Take a very good look at this youngster. Examine his fine features. He’s quite handsome don’t you think?
The enchanted animal from yesterday’s post is a colugo. Molly who suggested that it was a sugar glider is fairly close as they do resemble one another. It is a mammal which distingushes it from sugar gliders which are marsupials. Colugo is the native Malay name for this animal which is also misleadingly known as the Malayan Flying Lemur. It is actually not a lemur at all and it does not really fly. In fact it is one of only two species in the family Cynocephalidae of the order Dermoptera. The family name suggests that the animal has a dog-shaped head and the order name that it posesses a wing made of skin. This skin membrane which stretches between the animal’s limbs allows it to glide as far as 70 m between trees.
The colugo is found in South-east Asia. The photographs in the previous post was taken in Langkawi Island. I, myself have only seen this animal three times and only once in flight. It is a nocturnal animal, active at night, and often seen at dusk gliding from tree to tree. It has been observed at a number of locations to follow a routine. Therefore, it is often able to anticipate a colugo gliding between two trees based on its observed habit. This makes it a readily anticipated sighting for hotel guests at a number of resorts in Malaysia.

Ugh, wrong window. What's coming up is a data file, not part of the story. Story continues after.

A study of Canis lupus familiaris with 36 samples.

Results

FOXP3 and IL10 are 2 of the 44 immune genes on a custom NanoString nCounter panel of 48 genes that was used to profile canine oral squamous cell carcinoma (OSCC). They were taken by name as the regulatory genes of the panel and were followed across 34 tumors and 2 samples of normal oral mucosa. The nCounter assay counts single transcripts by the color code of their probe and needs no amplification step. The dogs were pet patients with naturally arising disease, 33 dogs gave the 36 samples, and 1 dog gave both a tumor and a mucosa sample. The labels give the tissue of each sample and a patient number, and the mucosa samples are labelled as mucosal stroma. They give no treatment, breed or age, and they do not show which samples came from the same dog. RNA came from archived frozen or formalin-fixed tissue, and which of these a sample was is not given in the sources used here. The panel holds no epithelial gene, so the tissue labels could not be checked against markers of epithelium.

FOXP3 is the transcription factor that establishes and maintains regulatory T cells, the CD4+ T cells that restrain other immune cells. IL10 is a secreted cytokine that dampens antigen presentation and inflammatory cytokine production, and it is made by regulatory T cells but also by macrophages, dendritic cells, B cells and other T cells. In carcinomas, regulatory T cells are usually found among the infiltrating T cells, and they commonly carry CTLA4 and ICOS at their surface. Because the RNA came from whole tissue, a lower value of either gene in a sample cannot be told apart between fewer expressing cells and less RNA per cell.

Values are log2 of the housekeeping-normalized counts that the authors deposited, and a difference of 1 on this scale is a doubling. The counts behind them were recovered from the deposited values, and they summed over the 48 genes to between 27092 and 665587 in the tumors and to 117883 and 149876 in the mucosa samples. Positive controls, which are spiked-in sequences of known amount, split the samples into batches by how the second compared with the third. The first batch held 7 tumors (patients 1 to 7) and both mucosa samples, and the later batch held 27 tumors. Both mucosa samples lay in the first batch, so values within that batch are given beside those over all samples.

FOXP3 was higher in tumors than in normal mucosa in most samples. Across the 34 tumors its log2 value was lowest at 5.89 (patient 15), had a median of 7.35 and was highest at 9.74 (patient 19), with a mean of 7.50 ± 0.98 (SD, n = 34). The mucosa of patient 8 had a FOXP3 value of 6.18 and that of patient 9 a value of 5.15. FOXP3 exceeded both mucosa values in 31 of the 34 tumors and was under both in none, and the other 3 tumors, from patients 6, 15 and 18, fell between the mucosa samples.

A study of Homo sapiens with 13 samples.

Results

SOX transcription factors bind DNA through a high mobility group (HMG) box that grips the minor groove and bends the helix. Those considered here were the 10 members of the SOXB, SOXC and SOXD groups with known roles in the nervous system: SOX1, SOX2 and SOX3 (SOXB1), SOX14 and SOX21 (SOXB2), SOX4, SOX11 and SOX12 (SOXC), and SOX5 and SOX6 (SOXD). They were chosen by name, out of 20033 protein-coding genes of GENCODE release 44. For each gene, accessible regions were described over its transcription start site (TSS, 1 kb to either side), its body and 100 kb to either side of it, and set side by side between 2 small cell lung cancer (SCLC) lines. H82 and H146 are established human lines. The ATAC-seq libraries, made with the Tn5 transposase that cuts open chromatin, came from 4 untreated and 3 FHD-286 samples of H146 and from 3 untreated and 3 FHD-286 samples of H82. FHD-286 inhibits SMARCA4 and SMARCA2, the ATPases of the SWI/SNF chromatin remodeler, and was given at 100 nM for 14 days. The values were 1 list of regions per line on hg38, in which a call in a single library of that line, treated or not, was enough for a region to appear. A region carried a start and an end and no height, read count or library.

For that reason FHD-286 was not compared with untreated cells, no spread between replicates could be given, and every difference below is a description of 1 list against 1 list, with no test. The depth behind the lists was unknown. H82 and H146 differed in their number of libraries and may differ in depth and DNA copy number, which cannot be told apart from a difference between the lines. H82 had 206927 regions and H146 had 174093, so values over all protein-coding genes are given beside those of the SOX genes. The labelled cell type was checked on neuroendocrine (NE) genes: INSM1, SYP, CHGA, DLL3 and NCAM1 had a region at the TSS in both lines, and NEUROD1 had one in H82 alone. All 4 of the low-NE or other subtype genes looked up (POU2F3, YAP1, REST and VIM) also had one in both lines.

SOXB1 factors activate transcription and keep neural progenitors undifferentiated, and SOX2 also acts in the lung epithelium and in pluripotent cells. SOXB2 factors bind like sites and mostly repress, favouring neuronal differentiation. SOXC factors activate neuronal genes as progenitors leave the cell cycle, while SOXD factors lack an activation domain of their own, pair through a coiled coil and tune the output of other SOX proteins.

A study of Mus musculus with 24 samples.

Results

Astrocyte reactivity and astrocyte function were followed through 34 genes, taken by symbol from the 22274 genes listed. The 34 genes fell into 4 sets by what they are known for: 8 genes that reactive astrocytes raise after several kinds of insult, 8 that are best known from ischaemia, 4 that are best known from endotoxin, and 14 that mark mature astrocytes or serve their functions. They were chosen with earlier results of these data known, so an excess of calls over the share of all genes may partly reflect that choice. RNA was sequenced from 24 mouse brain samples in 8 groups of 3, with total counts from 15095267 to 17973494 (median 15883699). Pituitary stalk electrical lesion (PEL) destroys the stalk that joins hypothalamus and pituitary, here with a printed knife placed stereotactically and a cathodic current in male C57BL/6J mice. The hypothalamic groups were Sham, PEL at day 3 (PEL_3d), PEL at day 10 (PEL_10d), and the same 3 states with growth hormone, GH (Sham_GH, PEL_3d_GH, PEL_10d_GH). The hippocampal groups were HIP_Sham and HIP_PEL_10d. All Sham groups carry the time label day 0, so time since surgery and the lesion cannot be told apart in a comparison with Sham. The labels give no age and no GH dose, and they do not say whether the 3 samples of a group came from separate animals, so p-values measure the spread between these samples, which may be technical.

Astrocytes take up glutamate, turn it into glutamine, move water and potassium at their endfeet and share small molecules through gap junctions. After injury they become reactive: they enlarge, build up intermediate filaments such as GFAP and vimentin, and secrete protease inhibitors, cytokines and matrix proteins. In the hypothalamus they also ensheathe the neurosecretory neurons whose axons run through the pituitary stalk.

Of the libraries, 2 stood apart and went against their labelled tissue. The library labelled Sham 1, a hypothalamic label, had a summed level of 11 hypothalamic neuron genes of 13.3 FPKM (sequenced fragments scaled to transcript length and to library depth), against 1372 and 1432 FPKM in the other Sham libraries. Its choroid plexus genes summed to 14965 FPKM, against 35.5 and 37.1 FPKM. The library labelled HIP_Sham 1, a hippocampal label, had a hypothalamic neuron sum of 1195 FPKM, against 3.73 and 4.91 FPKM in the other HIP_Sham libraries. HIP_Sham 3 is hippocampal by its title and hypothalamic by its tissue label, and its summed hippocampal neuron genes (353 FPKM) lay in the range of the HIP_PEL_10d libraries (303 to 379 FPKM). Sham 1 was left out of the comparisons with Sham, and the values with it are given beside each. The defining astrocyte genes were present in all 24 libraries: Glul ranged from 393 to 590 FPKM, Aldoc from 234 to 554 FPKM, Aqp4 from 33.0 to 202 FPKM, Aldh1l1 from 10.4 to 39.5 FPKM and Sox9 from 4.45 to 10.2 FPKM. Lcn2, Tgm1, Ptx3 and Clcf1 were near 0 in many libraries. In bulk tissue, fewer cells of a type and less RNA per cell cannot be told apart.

So the colugo is active at night and may be seen gliding or “flying” between the same two spots night after night. Its saucer eyes are ideal for seeing things in the dark of night. These descriptions included words that were found in the two songs in the last post .
There was a scientific paper in the Proceedings of the National Academy of Science (PNAS) entitled “Mammalian mitogenomic relationships and the root of the eutherian tree”. According to the paper, an examination of mitochondrial DNA, seems to indicate that the colugo is a close relative of primates.
“Flying lemurs have the same ancestors as the Anthropoidea, that is, apes from the New and Old Worlds, including human beings. We are more closely related to flying lemurs than we are to half-apes,” says Professor Arnason.